Friday, April 08, 2005

The Shad Count: 194,300 So Far

The U.S. Fish & Wildlife Service counts anadromous fish on the Connecticut River and apparently updates it frequently.

As of two days ago, 194,300 American shad had already ascended the Connecticut River into Massachusetts and beyond this year. The U.S. Fish & Wildlife Service counts them and posts new numbers frequently here. The numbers of alewives and blueback herring are far, far lower, but I think that’s because the F&WS counters are further upstream than alewives travel and because the blueback herring season is generally later.

If you click around this site, you’ll find interesting maps of the Connecticut watershed that show how far up each species travels.

It’s interesting to note that the F&WS counted only 256 striped bass. In the Hudson, the commercial shad fishery has essentially ended because stripers are so numerous that they fill the fishermen’s nets. I don’t know if the commercial shad fishery in the Connecticut is thriving, but it’s certainly not dead. The Connecticut DEP says that commercial fishermen on the Connecticut River have taken from 32,000 to 118,000 fish a year over the last decade.

Looking back to yesterday’s post about the gustatory pleasures of various parts of the alewife, a friend of mine notes that no matter how subtle and delicate the flavor of alewives testes, you’re likely to need a whole lot of them to make a meal.

3:30 p.m. Update: Martha McCormick Smith, at Yale, was quick to tell me that the taste of alewives and blueback herring doesn’t mean much these days because it’s illegal to take them in Connecticut – and has been since 2002. She sent me a link to this advisory.

So my speculation above that the numbers of alewives and blueback herring were low because of where the counting took place was wrong. The blueback herring count reached a high of 650,000 at Holyoke, Massachusetts, in 1985, and was above 100,000 every year from 1980 through 1993.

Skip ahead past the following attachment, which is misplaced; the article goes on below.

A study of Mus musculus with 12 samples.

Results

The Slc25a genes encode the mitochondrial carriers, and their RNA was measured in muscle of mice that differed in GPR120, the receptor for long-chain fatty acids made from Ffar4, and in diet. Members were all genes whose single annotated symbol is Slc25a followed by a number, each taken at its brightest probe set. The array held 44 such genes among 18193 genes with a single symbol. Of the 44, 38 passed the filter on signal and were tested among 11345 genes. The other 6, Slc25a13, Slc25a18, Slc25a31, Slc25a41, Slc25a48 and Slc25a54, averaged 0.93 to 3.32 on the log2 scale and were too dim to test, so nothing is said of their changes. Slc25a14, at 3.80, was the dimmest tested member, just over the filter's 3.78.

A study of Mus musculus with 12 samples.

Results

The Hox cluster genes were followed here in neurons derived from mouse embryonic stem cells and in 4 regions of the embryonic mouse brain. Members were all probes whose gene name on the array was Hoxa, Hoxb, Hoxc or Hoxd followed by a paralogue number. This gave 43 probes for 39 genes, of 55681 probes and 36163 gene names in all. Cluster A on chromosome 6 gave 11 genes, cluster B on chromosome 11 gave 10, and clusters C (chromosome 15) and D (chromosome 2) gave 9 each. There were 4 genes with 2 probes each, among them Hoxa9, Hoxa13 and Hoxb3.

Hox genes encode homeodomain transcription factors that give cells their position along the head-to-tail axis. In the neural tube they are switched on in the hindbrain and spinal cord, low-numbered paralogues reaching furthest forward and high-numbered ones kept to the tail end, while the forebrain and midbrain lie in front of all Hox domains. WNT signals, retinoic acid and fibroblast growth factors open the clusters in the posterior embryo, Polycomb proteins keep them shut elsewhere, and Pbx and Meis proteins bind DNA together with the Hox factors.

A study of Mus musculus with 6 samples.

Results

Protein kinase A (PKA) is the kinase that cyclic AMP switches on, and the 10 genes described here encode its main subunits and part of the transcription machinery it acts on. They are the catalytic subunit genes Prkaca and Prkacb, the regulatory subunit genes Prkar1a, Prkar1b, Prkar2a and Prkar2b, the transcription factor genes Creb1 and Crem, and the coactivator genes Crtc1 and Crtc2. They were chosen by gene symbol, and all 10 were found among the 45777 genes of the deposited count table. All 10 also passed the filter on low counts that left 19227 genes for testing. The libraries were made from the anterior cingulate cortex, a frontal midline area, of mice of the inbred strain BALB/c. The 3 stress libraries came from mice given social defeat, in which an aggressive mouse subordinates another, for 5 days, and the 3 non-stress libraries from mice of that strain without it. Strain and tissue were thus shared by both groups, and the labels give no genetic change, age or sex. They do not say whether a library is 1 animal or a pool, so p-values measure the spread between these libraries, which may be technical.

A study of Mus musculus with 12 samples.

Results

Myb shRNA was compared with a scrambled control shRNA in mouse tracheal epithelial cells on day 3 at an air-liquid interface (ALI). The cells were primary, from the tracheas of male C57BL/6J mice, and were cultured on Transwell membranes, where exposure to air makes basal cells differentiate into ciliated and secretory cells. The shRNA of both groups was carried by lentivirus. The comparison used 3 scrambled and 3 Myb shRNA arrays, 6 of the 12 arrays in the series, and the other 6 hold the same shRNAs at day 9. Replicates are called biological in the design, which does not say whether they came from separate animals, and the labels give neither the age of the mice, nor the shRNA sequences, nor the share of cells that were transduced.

In 2002 and 203, the blueback numbers were 1,900 and 1,300. This page, which has historical numbers, doesn’t include alewives, though.

4:20 p.m. Update: This is more interesting than I thought. The DEP advisory that I linked to above speculates that the population of river herring might be dropping because striped bass, which prey on the smaller fish, are so abundant. Here’s what Bob Boyle wrote about stripers and alewives in his Hudson River book.

Sometime in mid-April stripers move into the Croton. Ravenous, they gorge themselves on the alewives, swallowing them whole. The bass chase the herring in towards the shore, they attack from underneath in the pools, they surge after them in the rapids. A pool in the Croton is sometimes alive with swirling bass seeking their prey. (Page 234).

On the Hudson, commercial fishing for striped bass (Hudson River fishermen pronounce it stripe-id bass, but I have no idea why) has been banned since the mid-1970s because of PCB contamination. Since then the spawning success has been spectacular. I have to assume that the situation on the Connecticut is similar.